The Xposed Framework has become a go-to modification tool over the last year or so, bypassing the need for custom ROMs for some devices and introducing all kinds of interesting tricks and hacks for rooted users. The latest version of the framework adds some interesting features. Owners of LG, Sony, and Meizu hardware will be happy to know that version 2.5 better supports stock and custom ROMs for their phones and tablets.
On March 23rd, 2010, Android Police was born, which makes today our 4th anniversary! While we'd like to have a birthday party with cake, balloons, streamers, punch, pie, and party games (have to keep it clean – this is a party for a four year old, after all), we decided instead to just team up with NVIDIA and give away some killer gadgets. So instead of giving gifts to AP for its birthday, we're actually giving gifts to our readers.
Alas, poor Rando, we knew it well. Actually, not that well - that was kind of the point. This photo sharing app from the developer of Whale Trail eschewed the usual reputation and tagging systems of most photo sharing services in favor of a one-at-a-time approach. But after a Russian programmer created a script to game the system and upload thousands of identical photos, thus funneling all of Rando's unique content to himself, the developers shut down the app and the service.
Say what you will about smartwatches - and we do, at every occasion - but you'll never see a Rolex or Omega watch that improves with just an app update. The latest version of the companion app for Qualcomm's unique Toq does just that, with an emphasis on the watch's built-in activity tracking. Specifically, the 1.4 update allows you to set daily activity goals (a la Nike's Fuelband and other fitness trackers) and access a detailed history of your activity and workouts.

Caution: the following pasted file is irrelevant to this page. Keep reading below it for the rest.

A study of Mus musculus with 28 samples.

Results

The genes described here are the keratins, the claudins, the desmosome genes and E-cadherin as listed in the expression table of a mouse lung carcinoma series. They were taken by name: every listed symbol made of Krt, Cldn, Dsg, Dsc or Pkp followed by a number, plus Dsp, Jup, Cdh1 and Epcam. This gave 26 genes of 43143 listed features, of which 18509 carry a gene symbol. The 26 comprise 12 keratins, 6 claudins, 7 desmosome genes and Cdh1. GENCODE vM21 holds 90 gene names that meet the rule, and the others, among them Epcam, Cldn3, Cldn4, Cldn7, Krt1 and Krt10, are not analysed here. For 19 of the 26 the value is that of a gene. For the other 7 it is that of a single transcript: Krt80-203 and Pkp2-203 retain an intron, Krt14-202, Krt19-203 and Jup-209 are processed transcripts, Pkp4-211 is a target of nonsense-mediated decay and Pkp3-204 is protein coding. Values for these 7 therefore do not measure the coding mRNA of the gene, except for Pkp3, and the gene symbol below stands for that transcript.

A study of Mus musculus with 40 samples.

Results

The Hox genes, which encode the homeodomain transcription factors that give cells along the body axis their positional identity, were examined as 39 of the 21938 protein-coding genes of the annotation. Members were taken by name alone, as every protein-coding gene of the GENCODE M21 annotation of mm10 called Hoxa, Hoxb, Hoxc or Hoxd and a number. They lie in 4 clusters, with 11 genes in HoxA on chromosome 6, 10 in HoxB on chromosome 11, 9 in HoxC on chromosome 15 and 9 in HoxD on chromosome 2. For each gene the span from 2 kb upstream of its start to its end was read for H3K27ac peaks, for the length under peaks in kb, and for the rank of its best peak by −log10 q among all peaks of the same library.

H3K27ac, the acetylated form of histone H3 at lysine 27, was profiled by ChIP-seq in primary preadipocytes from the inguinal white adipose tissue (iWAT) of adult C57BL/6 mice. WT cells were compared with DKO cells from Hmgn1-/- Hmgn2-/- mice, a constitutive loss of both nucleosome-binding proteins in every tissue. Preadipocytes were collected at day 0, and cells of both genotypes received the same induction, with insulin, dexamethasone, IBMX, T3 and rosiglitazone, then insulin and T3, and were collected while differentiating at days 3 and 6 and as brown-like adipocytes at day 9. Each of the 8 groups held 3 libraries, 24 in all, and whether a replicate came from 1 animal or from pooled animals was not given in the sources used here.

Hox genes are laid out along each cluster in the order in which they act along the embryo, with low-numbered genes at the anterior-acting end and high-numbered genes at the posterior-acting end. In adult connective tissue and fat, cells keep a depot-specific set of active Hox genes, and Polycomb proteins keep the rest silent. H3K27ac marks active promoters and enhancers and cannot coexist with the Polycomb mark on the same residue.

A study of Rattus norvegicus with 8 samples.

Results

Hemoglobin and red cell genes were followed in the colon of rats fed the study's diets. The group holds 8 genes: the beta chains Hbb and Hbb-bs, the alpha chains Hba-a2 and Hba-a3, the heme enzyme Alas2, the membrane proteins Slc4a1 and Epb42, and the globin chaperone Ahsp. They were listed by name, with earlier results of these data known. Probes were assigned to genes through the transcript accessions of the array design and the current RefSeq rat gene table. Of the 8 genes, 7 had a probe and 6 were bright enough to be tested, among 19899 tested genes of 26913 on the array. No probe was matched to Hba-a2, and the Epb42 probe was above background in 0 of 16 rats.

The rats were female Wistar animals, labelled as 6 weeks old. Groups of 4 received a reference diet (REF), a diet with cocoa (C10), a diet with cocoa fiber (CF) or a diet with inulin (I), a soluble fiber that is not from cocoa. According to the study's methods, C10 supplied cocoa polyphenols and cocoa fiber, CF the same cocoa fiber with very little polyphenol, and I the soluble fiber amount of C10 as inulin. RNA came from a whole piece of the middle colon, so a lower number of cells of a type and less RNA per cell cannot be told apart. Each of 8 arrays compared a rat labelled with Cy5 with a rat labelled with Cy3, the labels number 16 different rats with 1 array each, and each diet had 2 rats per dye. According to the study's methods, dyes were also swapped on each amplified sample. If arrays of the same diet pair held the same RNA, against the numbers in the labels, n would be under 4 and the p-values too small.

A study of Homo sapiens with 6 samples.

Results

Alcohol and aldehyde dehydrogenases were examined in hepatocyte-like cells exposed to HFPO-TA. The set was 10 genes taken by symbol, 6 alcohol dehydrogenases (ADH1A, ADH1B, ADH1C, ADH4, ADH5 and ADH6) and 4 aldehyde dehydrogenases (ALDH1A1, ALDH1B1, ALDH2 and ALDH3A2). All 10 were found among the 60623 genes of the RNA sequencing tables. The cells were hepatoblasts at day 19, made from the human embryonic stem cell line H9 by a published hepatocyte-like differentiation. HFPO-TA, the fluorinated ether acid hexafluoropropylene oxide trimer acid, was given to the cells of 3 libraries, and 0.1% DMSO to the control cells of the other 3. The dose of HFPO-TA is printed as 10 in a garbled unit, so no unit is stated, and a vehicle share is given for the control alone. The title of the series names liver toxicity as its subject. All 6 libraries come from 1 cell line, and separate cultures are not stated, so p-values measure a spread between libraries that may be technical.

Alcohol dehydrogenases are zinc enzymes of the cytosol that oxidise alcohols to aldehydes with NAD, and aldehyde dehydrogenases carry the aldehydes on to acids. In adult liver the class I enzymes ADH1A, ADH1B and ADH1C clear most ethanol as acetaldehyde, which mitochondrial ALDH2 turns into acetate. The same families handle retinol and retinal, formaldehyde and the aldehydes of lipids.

Going to the ball game is wickedly expensive, which is probably why aftermarket ticket services are flourishing. But they're not exactly intuitive: you have to deal with shipping or meeting the seller in person, which is often a huge barrier if you're strapped for time. Enter Gametime, an app previously limited to iOS, which tries to combine great deals on last-minute ticket sales with a friendly, mobile-focused interface.
Here's the gist: sports venues have unsold tickets to a game, which the Gametime app features with significant discounts, "up to 80% off." You buy the tickets through the Gametime app, and immediately after paying you've got a scannable ticket on your phone.
Okay, so that camera voice command Google pointed out the other day wasn't terribly useful, but the new music command is pretty cool. Just pull up voice search in whatever way you prefer, and tell your device to "play some music." That's it – the tunes will flow.
— A Googler (@google) March 21, 2014
For over a few hours on Monday, several Google services came crashing to a halt. Users all over the world were unable to send messages via Hangouts, engage in video chats, or check Google Voice. Some people trying to create spreadsheets with Sheets were met with 502 errors, and people taking advantage of the multi-player aspect of Google Play Games were also affected. All of this apparently resulted from an oops during a routine hardware maintenance event where the company miscalculated available capacity.
Update: The OTA is now live (thanks, Michael Tomy)!
Good grief, AT&T, you're not usually so far behind the pack. I imagine your Moto X customers, who've had to wait behind their counterparts at Verizon, Sprint, US Cellular, and T-Mobile/unlocked carriers for the update to the slightly newer version of KitKat, aren't pleased. But if an updated Motorola support page is any indication, it looks like the Android 4.4.2 over-the-air update may be coming very soon.